David Bourget (Western Ontario)
David Chalmers (ANU, NYU)
Rafael De Clercq
Jack Alan Reynolds
Experiments with young infants provide evidence for early-developing capacities to represent physical objects and to reason about object motion. Early physical reasoning accords with 2 constraints at the center of mature physical conceptions: continuity and solidity. It fails to accord with 2 constraints that may be peripheral to mature conceptions: gravity and inertia. These experiments suggest that cognition develops concurrently with perception and action and that development leads to the enrichment of conceptions around an unchanging core. The experiments challenge claims that cognition develops on a foundation of perceptual or motor experience, that initial conceptions are inappropriate to the world, and that initial conceptions are abandoned or radically..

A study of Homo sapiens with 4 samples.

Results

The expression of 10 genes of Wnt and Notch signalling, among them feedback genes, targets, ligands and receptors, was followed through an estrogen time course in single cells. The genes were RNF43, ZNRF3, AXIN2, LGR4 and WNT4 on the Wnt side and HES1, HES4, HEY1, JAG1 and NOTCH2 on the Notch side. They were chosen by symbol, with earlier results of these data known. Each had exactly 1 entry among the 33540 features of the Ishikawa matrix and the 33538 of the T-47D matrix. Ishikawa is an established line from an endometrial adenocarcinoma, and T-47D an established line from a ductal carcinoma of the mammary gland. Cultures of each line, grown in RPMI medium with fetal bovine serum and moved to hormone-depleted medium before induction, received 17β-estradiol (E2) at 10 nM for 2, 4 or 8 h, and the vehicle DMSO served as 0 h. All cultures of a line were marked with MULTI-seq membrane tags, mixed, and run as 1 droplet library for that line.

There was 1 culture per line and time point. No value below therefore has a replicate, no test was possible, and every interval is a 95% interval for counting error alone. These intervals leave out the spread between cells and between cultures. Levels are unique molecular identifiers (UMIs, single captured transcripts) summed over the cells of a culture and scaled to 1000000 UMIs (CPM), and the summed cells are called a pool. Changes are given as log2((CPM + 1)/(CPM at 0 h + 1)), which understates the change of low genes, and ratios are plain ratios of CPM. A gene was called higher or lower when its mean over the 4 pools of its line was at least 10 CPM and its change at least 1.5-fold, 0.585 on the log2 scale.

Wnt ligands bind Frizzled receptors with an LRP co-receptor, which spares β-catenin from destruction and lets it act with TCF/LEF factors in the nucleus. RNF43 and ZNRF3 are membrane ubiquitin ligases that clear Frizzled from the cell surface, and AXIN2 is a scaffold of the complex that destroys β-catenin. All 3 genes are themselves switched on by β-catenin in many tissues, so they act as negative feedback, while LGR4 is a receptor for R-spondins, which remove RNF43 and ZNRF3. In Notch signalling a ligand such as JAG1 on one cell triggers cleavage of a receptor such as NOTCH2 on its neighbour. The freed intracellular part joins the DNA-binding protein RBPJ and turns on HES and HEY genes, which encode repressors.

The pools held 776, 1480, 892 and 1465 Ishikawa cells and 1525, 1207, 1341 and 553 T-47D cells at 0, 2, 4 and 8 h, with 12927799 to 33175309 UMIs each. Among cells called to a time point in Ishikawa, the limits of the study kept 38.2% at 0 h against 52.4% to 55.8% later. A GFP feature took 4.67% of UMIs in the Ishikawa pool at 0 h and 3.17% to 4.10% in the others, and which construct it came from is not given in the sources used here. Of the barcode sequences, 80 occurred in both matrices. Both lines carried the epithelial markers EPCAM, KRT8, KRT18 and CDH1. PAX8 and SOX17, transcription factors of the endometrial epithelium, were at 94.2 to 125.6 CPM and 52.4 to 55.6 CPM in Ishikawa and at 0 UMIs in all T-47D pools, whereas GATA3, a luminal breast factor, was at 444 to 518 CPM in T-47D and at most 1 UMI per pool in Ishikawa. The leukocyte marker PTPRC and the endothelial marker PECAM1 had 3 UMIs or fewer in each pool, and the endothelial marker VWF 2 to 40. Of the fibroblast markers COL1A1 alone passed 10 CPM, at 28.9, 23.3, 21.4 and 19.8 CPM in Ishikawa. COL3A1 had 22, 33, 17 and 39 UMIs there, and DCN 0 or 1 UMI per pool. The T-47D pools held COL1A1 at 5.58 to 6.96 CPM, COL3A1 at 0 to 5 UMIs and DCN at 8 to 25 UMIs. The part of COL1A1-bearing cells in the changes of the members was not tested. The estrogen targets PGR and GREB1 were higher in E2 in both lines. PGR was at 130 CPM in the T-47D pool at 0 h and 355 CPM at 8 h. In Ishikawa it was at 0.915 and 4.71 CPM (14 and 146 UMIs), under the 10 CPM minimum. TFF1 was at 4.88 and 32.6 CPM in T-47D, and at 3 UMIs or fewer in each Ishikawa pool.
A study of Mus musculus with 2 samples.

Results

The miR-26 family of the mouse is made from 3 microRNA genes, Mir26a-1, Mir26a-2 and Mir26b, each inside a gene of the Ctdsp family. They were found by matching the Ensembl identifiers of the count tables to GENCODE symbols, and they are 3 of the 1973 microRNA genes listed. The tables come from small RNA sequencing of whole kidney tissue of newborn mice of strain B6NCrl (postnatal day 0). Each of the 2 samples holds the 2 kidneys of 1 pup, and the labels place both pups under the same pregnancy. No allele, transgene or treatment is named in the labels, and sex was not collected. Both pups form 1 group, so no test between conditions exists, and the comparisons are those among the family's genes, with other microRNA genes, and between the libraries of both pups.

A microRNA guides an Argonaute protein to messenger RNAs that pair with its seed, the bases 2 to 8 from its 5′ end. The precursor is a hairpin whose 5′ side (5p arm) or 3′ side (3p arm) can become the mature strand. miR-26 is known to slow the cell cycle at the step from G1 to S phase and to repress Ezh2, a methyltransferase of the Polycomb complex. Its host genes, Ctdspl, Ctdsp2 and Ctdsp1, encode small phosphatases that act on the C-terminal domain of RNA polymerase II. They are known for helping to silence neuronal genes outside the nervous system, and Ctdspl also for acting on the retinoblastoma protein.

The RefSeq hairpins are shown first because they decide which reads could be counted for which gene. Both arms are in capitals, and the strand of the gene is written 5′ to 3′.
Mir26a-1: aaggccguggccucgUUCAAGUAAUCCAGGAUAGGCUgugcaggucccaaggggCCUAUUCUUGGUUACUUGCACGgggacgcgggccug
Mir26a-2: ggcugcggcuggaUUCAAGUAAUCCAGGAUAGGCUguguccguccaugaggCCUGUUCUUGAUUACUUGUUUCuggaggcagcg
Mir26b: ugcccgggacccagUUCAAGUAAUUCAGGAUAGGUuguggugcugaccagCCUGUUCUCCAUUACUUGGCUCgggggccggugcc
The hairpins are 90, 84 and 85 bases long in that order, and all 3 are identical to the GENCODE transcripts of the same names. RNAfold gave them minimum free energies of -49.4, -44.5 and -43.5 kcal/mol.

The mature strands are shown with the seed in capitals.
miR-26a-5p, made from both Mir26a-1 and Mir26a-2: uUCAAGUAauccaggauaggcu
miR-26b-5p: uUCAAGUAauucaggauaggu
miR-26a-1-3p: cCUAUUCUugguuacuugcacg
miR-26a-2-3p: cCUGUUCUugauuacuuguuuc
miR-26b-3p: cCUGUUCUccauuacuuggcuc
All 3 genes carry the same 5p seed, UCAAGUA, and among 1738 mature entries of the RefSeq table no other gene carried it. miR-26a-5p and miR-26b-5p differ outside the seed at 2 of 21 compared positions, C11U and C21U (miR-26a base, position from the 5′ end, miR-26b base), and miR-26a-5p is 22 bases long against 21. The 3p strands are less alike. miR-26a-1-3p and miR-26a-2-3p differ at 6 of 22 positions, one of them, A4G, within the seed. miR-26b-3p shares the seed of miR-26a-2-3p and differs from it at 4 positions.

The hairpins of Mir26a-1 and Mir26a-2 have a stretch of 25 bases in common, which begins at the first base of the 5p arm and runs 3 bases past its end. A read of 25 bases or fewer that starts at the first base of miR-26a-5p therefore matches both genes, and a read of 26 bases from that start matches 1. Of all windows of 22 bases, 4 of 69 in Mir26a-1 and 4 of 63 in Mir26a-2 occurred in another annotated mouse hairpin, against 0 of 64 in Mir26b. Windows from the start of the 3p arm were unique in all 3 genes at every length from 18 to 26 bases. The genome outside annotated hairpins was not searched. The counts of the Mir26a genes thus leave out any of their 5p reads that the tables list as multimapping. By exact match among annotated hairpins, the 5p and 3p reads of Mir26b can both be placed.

A. Woodward (1998). Infants Selectively Encode the Goal Object of an Actor's Reach. Cognition 69 (1):1-34.
György Gergely, Zoltán Nádasdy, Gergely Csibra & Szilvia Bíró (1995). Taking the Intentional Stance at 12 Months of Age. Cognition 56 (2):165-193.
Mathieu Le Corre & Susan Carey (2007). One, Two, Three, Four, Nothing More: An Investigation of the Conceptual Sources of the Verbal Counting Principles. Cognition 105 (2):395-438.
Yuyan Luo (2011). Do 10-Month-Old Infants Understand Others’ False Beliefs? Cognition 121 (3):289-298.
Susan Carey & Fei Xu (2001). Infants' Knowledge of Objects: Beyond Object Files and Object Tracking. Cognition 80 (1-2):179-213.